Associated Press Modified: May 18, 2010 at 4:00 pm •  Published: May 18, 2010

BALTIMORE (RNS) He's performed so many funerals, they call him "Burying Joe."

A recent Saturday afternoon found Joe Krysiak again at a cemetery, his white alb and paisley stole whipping in the wind as he recited the Rite of Christian Burial and sprinkled holy water drawn from a Smucker's jar on the ground below the flag-draped coffin.

The day and night before, Krysiak put in six hours at St. Anthony of Padua/Most Precious Blood, the joint parishes he runs in Baltimore, visited a sick parishioner in the hospital, and comforted a bereaved family at a funeral home.

Krysiak is on call 24/7 for his Catholic parishes, doing everything, or almost everything, a priest would do. But the spry 79-year-old is not a priest — he's a deacon.

''Everybody sees us on the altar and thinks we are almost like mini-priests," Krysiak said. "Nobody realizes all the things that deacons do."

For more than a millennium, the Roman Catholic Church relied on a corps of celibate priests to celebrate its sacraments, run its parishes, and offer spiritual guidance to its faithful. But the number of U.S. priests has plummeted from 59,000 in 1975 to 40,600 last year. Meanwhile, the country's Catholic population has grown to 65 million, leaving thousands of parishes without a resident priest.

At the same time, permanent deacons in the U.S. have swelled from seven in 1971 to an estimated 17,000 in 2010. Worldwide, the permanent diaconate has expanded roughly 30 times faster than the priesthood since 2000, according to the Vatican, with much of the growth attributed to the United States.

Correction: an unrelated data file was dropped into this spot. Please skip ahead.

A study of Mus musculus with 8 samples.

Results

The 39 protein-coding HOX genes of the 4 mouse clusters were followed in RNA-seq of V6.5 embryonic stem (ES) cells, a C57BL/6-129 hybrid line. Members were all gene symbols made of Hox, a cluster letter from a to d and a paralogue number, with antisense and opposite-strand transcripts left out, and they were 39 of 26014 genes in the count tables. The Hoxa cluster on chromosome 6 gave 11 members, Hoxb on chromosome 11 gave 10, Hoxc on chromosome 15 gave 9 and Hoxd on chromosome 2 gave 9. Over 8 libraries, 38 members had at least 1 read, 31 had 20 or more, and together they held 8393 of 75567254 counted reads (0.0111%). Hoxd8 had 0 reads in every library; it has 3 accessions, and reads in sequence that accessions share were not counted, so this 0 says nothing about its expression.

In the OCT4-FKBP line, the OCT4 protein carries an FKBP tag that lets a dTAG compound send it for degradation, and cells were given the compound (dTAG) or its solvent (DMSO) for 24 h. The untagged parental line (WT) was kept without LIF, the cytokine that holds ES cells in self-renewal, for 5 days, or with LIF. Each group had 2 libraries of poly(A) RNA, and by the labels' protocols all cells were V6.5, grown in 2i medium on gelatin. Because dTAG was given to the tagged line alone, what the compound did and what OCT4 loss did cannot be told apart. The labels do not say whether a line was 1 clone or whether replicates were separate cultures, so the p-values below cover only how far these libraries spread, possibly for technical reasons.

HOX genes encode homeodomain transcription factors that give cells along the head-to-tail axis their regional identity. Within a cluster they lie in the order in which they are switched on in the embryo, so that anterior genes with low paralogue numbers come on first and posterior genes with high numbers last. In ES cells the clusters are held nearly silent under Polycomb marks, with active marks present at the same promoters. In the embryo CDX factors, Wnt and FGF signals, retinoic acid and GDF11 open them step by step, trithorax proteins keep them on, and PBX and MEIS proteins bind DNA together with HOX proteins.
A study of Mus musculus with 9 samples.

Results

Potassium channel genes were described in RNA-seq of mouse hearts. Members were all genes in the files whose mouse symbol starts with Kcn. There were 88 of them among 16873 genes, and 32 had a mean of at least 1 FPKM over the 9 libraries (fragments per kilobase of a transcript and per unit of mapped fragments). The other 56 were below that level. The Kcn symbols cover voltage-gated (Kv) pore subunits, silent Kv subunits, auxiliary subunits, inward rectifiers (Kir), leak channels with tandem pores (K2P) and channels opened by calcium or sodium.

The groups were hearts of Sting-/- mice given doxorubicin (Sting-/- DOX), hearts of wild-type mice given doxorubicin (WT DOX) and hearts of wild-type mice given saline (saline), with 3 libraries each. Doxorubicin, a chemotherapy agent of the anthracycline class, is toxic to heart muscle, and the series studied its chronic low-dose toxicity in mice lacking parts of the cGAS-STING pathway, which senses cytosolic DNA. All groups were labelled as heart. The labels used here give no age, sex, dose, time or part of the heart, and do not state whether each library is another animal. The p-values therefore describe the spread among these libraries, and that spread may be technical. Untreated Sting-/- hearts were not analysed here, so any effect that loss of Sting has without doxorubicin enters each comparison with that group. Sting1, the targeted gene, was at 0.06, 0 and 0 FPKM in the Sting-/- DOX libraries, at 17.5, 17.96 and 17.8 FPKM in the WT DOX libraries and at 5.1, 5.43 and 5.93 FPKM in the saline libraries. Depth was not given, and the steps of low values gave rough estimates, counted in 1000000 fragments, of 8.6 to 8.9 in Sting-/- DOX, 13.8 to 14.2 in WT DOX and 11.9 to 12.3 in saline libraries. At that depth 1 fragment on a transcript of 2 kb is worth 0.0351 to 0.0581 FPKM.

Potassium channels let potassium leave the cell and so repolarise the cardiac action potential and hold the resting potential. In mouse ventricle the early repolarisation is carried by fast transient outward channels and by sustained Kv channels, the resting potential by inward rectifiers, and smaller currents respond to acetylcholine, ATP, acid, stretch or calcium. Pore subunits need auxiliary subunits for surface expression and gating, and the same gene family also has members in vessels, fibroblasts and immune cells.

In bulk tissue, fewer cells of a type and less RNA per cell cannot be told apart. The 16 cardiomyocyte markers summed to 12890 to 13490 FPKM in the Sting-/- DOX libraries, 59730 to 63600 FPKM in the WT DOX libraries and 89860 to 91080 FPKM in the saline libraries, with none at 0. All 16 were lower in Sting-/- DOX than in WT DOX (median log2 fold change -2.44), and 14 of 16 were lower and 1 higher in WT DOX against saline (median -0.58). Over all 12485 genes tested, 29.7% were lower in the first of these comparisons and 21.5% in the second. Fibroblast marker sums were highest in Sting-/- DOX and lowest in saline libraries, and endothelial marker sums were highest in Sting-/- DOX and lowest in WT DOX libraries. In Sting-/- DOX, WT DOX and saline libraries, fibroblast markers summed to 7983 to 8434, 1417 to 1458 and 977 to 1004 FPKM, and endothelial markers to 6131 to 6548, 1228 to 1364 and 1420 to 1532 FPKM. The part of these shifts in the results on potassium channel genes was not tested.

As recipients of one of the three levels of ordination in the Roman Catholic Church, permanent deacons can perform almost all the sacraments, except celebrate the Eucharist, absolve penitents and anoint the sick.

Both very old and very new, the permanent diaconate dates to the New Testament, but later became subsumed as a stepping-stone to the priesthood.

Permanent deacons must be male, at least 35 in most dioceses, and spend three to four years intensely studying church history, moral theology, Scripture, canon law, liturgy and other subjects. Most are not paid for their work.

Straddling the border between lay Catholics and the professional priesthood, between the sacred and secular world, deacons are God's middlemen, called to a busy life of holy service.

''When you take this step, you basically say 'There go my weekends, my friends, my life as I knew it,'" said Deacon Greg Kandra, who works in the Diocese of Brooklyn and writes the popular blog "The Deacon's Bench."

Increasingly, bishops are relying on deacons to serve tasks that were once the sole province of priests, such as celebrating marriages, preaching the Gospel, and running parishes.

More than 40 percent of U.S. dioceses entrust a deacon with the pastoral care of one or more parishes, according to a study published in April by Georgetown University's Center for Applied Research in the Apostolate. Often, a rotation of priests will celebrate Mass or hear confessions at these parishes.

''With the decrease in vocations to the priesthood that we experienced in the 1970s and '80s, we now have a dip in the number of priests," said the Rev. David Toups, interim director of the U.S. bishops' Secretariat on Clergy, Consecrated Life and Vocations. "By God's grace, deacons have been there to literally stand in the gap."